Vacations are an important tool to help employees take some time off and recharge every once in a while. However, improper planning and coordination before a vacation can leave employees and their employers in a difficult situation.
Without the right steps, a vacationing employee can lead to missing deadlines, confused customers or clients, and stressed out workers if you don’t take the right steps to prepare for someone’s absence. Here are four things your employees should do before they head out on a well-earned vacation.
Eddie woke up one frigid, Ohio, winter morning as he always did. That day, he assumed, would be no different than any other day. He arose to the tune of his 4:30 a.m. alarm clock sounding, what his wife and children often called “the fall-out alarm.” His wife darted awake as well, but quickly rolled back over and off to sleep again.
Americans work the majority of their lives with the hope of one day retiring and enjoying the fruits of their labor. Unfortunately, more and more people have to work well into their golden years without any end in sight. This is especially true for people that work for small businesses for the bulk of their career.
Business owners should feel like shouting “mayday” when preparing for pay day. Unfortunately, payroll management can be a time-consuming, frustrating ordeal for owners if they don’t have any help.
Payroll needs to be done securely, accurately, and on-time, which leads to extra aggravation, but it’s better than having several employees questioning where their paychecks are or why they’re incorrect. Online payroll helps business owners streamline the process by giving them the tools to make management faster and easier. Here are three big benefits of using online payroll for your business.
Snow and ice is nothing new for people in the Midwest, but winter weather still creates plenty of headaches each year. While many people have to deal with heating bills, bad road conditions, and frighteningly large icicles that ominously hang overhead, winter weather can pose a few other problems for business owners.
Back in June of 2016, I wrote a blog that talked about some of the changes that were being planned over at the Occupational Safety and Health Administration. As 2017 kicks off, there’s more to talk about.
According to an interview in Smart Business, there are some distinctions that may have slipped under the radar for some small business owners.
As a sales rep for a Professional Employer Organization, I have spent the last four years talking with business owners who were worried about the impact of the Affordable Care Act on their businesses and employees. In many cases, I helped them find a cost-effective solution that helped them gain control of one of their most uncontrollable costs. Sometimes, I didn’t. Sometimes, the uncertainty of the previous two election cycles caused them to freeze up, maintain their status quo and hope for the best.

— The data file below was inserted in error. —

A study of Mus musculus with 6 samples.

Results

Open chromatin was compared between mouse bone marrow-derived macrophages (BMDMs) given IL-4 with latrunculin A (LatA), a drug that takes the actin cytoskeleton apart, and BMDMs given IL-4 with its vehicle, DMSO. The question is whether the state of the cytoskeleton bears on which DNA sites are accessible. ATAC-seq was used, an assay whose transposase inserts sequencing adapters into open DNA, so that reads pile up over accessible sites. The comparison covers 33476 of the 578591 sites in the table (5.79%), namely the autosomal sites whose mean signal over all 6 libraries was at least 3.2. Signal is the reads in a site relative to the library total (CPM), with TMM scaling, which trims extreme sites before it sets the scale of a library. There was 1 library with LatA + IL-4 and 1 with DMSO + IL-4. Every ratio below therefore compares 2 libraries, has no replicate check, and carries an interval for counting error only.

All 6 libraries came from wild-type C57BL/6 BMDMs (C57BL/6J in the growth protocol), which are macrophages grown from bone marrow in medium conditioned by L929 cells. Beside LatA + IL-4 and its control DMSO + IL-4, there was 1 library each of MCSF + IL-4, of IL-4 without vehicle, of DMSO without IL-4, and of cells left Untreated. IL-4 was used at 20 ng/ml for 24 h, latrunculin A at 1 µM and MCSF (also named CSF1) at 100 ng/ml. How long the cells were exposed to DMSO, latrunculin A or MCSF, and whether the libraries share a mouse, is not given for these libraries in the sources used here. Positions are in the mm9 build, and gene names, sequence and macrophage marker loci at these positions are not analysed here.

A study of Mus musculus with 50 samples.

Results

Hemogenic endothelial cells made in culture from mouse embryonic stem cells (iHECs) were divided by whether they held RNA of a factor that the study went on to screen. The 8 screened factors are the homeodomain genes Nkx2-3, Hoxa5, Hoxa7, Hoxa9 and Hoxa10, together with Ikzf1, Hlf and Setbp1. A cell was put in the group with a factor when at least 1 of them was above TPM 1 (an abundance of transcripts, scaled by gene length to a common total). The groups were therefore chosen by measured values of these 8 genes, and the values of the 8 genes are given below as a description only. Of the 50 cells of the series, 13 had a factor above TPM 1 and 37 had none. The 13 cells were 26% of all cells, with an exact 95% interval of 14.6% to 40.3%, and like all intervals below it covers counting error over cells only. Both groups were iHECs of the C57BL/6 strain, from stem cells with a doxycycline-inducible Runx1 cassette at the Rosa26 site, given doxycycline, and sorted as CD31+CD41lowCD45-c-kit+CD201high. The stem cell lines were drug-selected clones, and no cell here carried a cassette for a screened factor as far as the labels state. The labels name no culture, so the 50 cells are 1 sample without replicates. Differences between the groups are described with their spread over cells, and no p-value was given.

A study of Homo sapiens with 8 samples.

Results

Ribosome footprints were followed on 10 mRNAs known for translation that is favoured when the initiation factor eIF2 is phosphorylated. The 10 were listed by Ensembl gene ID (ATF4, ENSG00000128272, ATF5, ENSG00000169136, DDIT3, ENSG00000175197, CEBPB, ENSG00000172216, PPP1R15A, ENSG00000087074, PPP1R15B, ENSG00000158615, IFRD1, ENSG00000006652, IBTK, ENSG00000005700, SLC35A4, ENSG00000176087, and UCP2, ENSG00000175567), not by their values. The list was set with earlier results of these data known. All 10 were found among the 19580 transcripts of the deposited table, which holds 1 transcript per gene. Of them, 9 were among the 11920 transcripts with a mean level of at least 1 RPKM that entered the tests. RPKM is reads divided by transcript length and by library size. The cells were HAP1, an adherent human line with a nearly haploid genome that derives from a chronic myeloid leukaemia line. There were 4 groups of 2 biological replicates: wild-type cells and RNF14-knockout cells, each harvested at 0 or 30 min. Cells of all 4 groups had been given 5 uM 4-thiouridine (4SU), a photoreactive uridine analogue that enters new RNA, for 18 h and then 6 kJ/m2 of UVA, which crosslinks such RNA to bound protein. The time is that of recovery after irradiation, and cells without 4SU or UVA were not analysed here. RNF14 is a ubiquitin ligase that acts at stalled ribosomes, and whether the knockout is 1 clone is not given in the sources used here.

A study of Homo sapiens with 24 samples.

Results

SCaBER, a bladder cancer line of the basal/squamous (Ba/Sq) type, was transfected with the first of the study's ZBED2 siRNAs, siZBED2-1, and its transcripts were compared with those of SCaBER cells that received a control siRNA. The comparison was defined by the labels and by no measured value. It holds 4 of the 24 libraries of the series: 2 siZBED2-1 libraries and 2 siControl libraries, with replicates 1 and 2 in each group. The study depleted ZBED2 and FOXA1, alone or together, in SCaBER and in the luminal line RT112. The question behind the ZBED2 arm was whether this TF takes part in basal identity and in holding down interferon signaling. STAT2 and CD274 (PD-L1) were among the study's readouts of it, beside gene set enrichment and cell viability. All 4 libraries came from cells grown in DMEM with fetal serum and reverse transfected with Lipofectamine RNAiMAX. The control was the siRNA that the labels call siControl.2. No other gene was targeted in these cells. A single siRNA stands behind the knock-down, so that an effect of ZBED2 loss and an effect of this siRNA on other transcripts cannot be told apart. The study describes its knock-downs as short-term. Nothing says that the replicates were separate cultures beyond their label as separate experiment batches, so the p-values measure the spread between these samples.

Now, we are about to embark on the Donald Trump era. For many, this is a sign that the ACA is going away and they can go back to things as they were. Perhaps so, but were things all that great before?
The reality is that it’s impossible to predict with any certainty what will happen in the next 12 months, let alone the next two years. A recent article on Smart Business’ website does have some thoughts on it that I would like to share and expand on.
Employment Practices Liability Insurance is an often overlooked form of insurance coverage for small business owners, and many do not realize its significance until it’s too late. EPLI protects employers from employee liability damages and defense costs from claims brought by any employee alleging claims such as sexual harassment, discrimination, wrongful termination, and retaliation.
Happiness can be very lucrative for a business. Unfortunately, unhappy employees can hurt bottom line and make it harder for businesses to grow. Employee morale can be affected by a number of factors, including work conditions, coworkers, and personal matters, but regardless of the reason, disengaged workers can lead to future issues for business owners.
Employers often wonder if a wellness program can truly fit into their workforce demographic. Every employee’s needs can vary depending on their job description and working environment. Nowadays, this could mean work that is sedentary office-based, labor intensive, extended shifts, travel, working from home, and more. The good news is that there is a way to provide specific information to any diverse demographic.